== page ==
Nova Scotia

Frustrations mount for N.S. fisherman on trial in Spain

A series of setbacks inclusing an adjourned trial and language barriers are adding to Philip Halliday's mounting frustrations in Spain, says his Nova Scotia lawyer.

Philip Halliday's trial adjourned abruptly

Digby Fisherman lost in translation


8 years agoVideo
Halliday faces an adjourned trial in Spain, and language barriers, says his lawyer. 1:40

A series of setbacks, including an adjourned trial and language barriers, are adding to Philip Halliday's mounting frustrations in Spain, says his Nova Scotia lawyer.

The 55-year-old Digby man was arrested three years ago when police intercepted a former Coast Guard ship carrying 1,000 kilograms of cocaine worth $600 million. The drugs were concealed under a bolted trap door.

A Spanish-speaking lawyer defended Halliday in court. Halifax defence lawyer Kevin Burke acts as the family's advisor.

He said the absence of simultaneous translation from Spanish to English, other than during his cross-examination, is a concern.

"He didn't understand a word that was being said by the court, by his own council. To say it was frustrating is, I believe, an understatement," Burke said.

Halliday and eight other people are currently on trial in Madrid, where the CBC's Jennifer Henderson is covering the trial. None received translation, other than during cross-examinations.

Delayed verdict

Henderson said a panel of three Spanish judges abruptly adjourned proceedings until Dec. 3, when final arguments are expected from the prosecution and the defence lawyers representing the crewmembers of the ship, including Halliday.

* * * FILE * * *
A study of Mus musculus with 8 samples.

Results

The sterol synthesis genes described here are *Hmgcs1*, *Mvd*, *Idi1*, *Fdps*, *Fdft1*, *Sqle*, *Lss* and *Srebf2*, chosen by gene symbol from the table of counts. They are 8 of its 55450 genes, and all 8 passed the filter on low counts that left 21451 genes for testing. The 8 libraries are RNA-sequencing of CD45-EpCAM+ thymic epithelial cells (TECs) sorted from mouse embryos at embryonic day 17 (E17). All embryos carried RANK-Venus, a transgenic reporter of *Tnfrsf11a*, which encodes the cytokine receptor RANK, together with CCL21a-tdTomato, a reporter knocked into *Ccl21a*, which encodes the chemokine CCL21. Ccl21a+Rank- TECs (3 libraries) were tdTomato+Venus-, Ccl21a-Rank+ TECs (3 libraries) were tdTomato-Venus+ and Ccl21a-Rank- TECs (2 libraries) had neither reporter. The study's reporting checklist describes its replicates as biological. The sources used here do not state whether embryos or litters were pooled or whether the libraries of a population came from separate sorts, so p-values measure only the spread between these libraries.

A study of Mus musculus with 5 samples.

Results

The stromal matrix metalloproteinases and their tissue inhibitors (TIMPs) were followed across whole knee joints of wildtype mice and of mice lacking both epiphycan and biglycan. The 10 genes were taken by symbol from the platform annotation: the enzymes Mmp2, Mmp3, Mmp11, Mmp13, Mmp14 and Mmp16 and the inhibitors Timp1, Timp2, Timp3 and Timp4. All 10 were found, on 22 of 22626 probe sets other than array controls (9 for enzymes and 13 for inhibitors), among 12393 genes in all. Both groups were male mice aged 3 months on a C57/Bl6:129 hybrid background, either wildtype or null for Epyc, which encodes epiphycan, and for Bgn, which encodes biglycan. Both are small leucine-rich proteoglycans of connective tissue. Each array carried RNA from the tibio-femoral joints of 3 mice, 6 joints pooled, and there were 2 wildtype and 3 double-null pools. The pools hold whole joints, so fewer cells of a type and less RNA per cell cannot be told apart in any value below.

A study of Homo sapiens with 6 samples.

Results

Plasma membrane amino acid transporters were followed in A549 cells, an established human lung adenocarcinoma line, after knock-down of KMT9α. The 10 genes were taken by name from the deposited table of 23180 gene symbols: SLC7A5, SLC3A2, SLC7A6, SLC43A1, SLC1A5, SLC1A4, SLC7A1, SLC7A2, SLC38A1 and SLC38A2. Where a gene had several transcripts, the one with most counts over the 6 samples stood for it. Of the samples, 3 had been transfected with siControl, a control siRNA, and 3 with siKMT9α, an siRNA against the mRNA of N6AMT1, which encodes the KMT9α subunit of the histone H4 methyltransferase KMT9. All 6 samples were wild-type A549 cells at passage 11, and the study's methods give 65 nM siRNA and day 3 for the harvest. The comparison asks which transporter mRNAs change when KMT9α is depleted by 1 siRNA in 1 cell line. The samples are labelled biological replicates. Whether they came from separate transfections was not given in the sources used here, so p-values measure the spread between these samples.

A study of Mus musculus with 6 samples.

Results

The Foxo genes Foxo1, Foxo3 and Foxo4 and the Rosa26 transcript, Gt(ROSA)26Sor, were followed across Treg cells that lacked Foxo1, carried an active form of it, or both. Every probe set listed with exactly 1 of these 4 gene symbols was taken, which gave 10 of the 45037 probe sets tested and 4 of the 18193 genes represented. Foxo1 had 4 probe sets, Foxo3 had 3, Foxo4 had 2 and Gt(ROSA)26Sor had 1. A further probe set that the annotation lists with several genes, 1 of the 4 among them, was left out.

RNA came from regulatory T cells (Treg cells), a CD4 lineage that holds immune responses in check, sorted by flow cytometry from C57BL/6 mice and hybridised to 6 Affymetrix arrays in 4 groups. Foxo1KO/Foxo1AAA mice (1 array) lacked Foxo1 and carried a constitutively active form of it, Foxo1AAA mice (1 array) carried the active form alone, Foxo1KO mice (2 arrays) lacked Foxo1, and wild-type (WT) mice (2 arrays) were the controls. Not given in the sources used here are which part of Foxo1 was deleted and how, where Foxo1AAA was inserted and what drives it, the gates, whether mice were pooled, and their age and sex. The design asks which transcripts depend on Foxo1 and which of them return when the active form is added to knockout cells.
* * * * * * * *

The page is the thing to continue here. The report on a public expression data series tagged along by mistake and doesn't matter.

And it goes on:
Philip and his wife Sheree Halliday have not seen each other since Philip set out on the Destiny Empress almost two years ago. (submitted)

After three days of trial only three hours were spent hearing from crewmembers aboard the ship. They all said they didn't know the boat was transporting drugs.

The court spent most of its time examining the activity between a Columbian and two Britons who, police allege, were the ringleaders of a sophisticated, international drug operation.

American Andrea Stuart, whose brother Reginald Stuart is also on trial, said she can't see a connection between the crewmembers and those on land.

"The parallels that I see between my brother's story and people like Philip Halliday are they have nothing to do with this story," she said.

"When the big-time British guys come on the stand, you listen to their testimony and the questions that come out and it has nothing to do with them. It reconfirms the feelings we’ve had for several years. What are they doing here?"

Closing arguments will be made in Madrid and a verdict is expected before the end of the year.

If convicted, Halliday could spend the next 12 years behind bars.